Tuesday, September 2, 2008

Nothing is for Free - The Gods Themselves

I ran into a recording by famed science fiction author Isaac Asimov and he mentioned that while he felt that he would be known for the "Foundation" series, he felt that he would like to be known for "The Gods Themselves".  I had checked out the "Foundation" trilogy back in my high school days and had reread them a couple of times.  But I had never really ventured into his other works.  Asimov tends to be on the dry side and I find that I have to be in the mood for his style.  Well, it just so happens that I was in the mood for his style and decided to seek out this book and see what I thought about it.

First thing I discovered was that I needed to review some of my knowledge of nuclear fission and fusion.  It's part of the main conceit of the novel and while I know a little about the subject, I was pretty rusty.  But after I got some on-line reading done on the subject I was OK.  For the most part the science aspect of the novel didn't go over my head.  Asimov usually has a layman character around who needs some additional explanation, so I often got up to speed.

The basic story for the novel revolves around the appearance of a massive amount of free energy.  All we have to do is leave some Tungsten hanging around, and a portal to another universe opens. The tungsten is traded for a radioactive and unstable bit of plutonium.  But this Plutonium creates a large amount of radiation as it decomposes in our universe (it is very stable where it came from).  This exchange with the parallel universe is wonderful, we get free energy in exchange for Tungsten we weren't using anyway.  Of course we all know that if something is too good to be true, then it probably isn't true.

This isn't free at all.  Each time the exchange is made, other things come from the parallel dimension.  Most importantly the actual laws that define that universe cross into ours and start affecting things.  Most dangerous is the idea that our sun would start being affected by these laws causing it to become unstable and explode.   Yeah, not a good thing.  The problem is that no one wants to acknowledge this or do anything about it because they love their free energy!

The novel is split into three parts.  The first deals with a scientist bent on proving that the exchange is causing more harm than good.  The middle section takes us to the parallel universe and delves into what is driving those beings to make the exchange in the first place.  The last section deals with the people of the colonized moon and how their advances in technology may save us all - unless they have another agenda...

This split carries the basics of the story from one section to the other, but there are interesting sub-themes to each section.  Most of the first part is driven by the ego's of the scientists involved.  The discovery of the exchange would not have been made without one of the scientists feeling like he was the little fish in the big pond.  In turn, the danger of the exchange would not have been discovered, unless the scientist hadn't been snubbed by the illustrious founder of the exchange.  The second section offers us a view of life forms that are interdependent and yet are very much separated.  This creates a struggle between the beings, and one that is resolved in an interesting way.  This theme of connection also goes back to how our universes are connected and what happens in one can affect what happens in the other.  The final section on the moon makes a statement about colonial attitudes and how the one-time colony now wants to break away.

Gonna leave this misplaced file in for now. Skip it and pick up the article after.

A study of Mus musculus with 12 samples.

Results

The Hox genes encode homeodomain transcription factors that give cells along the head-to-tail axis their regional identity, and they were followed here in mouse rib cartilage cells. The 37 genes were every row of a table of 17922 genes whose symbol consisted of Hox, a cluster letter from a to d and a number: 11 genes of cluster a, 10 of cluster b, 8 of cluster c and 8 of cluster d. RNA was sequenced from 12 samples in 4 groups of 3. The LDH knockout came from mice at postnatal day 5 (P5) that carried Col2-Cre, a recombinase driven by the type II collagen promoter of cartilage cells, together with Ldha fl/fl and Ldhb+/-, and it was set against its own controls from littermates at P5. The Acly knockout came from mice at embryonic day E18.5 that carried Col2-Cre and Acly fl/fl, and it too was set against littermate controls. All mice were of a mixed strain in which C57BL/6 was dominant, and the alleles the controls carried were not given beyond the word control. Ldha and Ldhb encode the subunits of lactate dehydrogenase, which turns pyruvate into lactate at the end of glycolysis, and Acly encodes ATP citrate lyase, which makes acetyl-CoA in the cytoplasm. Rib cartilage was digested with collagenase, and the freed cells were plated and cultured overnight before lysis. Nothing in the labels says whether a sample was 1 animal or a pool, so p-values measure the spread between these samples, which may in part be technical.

I wasn't too surprised to find that the three sections were published separately.  This makes some sense, as each one carries it's own theme in addition to the overriding theme dealing with the "free energy".  What this reminded me was that good science fiction (and I'm not talking about Space Opera - like "Star Wars") is about ideas and themes.  This book is heavy on the dialogue and there really isn't much action.  What action there is happens in laboratories and testing environments.  The middle portion of the book is the most entertaining to read, because it deals with the alien beings and their perceptions.  It's more of a character story with some mystery thrown in, and the alien perspective is intriguing.  That's not to say that the bookend sections are weak, but they are very focused on ideas over action.  I was in the mood for that, so I didn't mind.  But I know it's one of the things that some readers find dull about Asimov.

"The Gods Themselves" is a novel rich in ideas, and it made me wonder if this kind of fiction is still popular.  People don't seem to like to slow down and think so much now.  And most of the books about writing I have read stress the movement of plot, the importance of action and the feeling that if you have a theme or two in your story, it's a lucky accident.  Reading something like this reminds me that books don't always have to fall in such a narrow view.

Do you think a book can balance multiple themes without become a talky bore?  Is science fiction better when it focuses on ideas over plot?  What do you think of this book or Asimov in general?